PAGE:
Beauty is in the eye of the beholder, or so it has been so often said. I would submit there’s a corollary: sometimes ugliness is something that everyone can see.
Here’s a case in point. A few days ago, I was visiting a podiatry related website. It was not one belonging to a current Foster Web Marketing client, but I’m still not going to reveal the source and embarrass the owner. What I saw was this:
I have no objection to the advice dispensed on this page, but I’m outraged by how the author uses words. You see, the patient here isn’t called a patient, he’s “a diabetic.” His whole personhood has been reduced to an illness.
Specialists in dealing with this illness agree. The organization Diabetes Australia, for instance, endorses the phrases person with diabetes or person living with diabetes. Its position statement, “A new language for diabetes,” reminds us that “the term ‘diabetic’ defines the individual as their health condition. It is better to emphasize the person’s ability to live with diabetes. Labeling someone as ‘diabetic’ positions diabetes as the defining factor of their life.”
This Is Not Political Correctness Gone Wild
People should not be reduced to their ailments. It’s a way to depersonalize disease victims—to rob them of personal agency and autonomy. We went through something like this in the mid-1980s, until the phrasing “persons with AIDS” became widely accepted. Please, if you are writing content about diabetes, be mindful that your readers may resent being reduced to “diabetics.”
The same reasoning applies to almost every disorder or disease. For instance, the Global Down Syndrome Foundation is adamant in supporting phrasing such as people (or children, or adults, or individuals) with Down syndrome instead of older terms that are now seen as insensitive.
Of course, whenever the discussion turns to advice on how to address others, there will be some people who get huffy. “Nobody has the right to tell me what I can and cannot say,” they assert. Indeed, that’s true. The U.S. culture wars from the late 1980s onward only spread resentment and wrath over political correctness. You are absolutely free to use whatever language you wish on your personal or business website, even if you recognize your words will distress some readers.
But I’d like to urge you to restrain yourself, for two important reasons:
It’s not a matter of political correctness, but of civility.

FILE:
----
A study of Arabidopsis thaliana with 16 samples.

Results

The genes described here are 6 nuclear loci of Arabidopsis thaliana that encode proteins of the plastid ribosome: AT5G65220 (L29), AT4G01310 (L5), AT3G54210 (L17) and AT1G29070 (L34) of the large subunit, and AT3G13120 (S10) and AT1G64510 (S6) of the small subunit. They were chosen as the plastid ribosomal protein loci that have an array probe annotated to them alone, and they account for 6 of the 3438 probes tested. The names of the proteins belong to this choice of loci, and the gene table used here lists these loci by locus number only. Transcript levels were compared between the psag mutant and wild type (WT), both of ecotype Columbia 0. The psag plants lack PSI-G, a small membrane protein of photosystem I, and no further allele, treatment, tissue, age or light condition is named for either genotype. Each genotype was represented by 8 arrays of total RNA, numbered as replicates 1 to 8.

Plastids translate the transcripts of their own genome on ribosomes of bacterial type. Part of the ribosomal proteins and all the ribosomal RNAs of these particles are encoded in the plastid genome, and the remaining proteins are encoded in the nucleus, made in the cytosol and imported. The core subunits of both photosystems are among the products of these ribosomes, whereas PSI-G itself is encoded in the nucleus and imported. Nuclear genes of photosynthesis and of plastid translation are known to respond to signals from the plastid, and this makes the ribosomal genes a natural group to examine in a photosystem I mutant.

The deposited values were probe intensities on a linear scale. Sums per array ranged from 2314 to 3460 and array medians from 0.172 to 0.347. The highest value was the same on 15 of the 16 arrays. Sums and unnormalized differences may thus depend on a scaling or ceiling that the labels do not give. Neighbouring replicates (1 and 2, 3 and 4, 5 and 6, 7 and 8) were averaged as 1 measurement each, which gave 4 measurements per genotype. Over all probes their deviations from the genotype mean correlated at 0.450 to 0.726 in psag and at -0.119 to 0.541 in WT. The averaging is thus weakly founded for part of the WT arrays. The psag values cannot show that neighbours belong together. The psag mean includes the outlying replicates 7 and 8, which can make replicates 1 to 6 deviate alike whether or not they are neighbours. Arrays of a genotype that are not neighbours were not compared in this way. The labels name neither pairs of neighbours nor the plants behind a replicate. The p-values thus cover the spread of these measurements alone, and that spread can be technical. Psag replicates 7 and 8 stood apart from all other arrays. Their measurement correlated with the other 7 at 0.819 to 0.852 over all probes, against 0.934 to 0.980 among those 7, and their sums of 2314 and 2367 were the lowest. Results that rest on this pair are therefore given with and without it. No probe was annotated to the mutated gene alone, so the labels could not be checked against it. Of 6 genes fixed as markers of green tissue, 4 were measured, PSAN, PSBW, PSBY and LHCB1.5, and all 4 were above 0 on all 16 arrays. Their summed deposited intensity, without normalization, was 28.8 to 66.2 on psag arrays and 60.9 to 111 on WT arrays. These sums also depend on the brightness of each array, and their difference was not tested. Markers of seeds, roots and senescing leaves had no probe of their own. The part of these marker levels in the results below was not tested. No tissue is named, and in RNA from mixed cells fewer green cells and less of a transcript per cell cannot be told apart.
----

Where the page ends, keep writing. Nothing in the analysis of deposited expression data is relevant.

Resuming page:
Language can hurt. If you’re deliberately choosing to use words that you know will assault some readers’ feelings, you are showing—quite publicly—lack of compassion, respect, and courtesy. That becomes a distinguishing characteristic both for your business and your professional reputation.
It’s counterproductive to what you’re trying to accomplish with your website.
Your site is online advertising designed to attract patients, clients, or customers. If your choice of language drives readers away, you’re undermining your own marketing efforts. Is that really the best use of your time and money?
Listen Up, Lawyers: This Message Isn’t Just for Medical Professionals. You Do it Too
Our society stigmatizes certain conditions and characteristics. That’s unfair and unkind. Unfortunately, you don’t have the power to reverse that bigotry. The best you can do is stop labeling people with terms that provoke bigoted reactions.
Although our examples so far have come from the medical field, it’s easy enough to find examples of other online professionals who—carelessly or callously—use offensive terms in their web content. Here is just a partial list of adjectives that some people have found offensive when used to describe a class of people:
- Dumb (in the sense of unable to speak)
- Illegal or the phrase “illegal alien”
- Mentally ill
- Poor (in the sense of indigent)
- Senior (as in the phrase “senior citizen”)
- Workman (as in the phrase “workman’s compensation”)
Some of these terms may be defensible when used in a professional context or as true adjectives. In every case, though, you should use these words cautiously, with due consideration of whether the term might give offense. Remember, the judgment of whether something is objectionable is made by the viewer or hearer; just as your audience cannot dictate the words you use, you don’t get to decide how your audience will react to your language.
Share Your Language Stories With Us
Have you ever had a run-in with a client over a word she thought was derogatory? Are we being too sensitive about this issue? What steps have you implemented to keep hurtful language off your website? Please share your experiences in the comments section on this page; our whole community would be interested in your thoughts.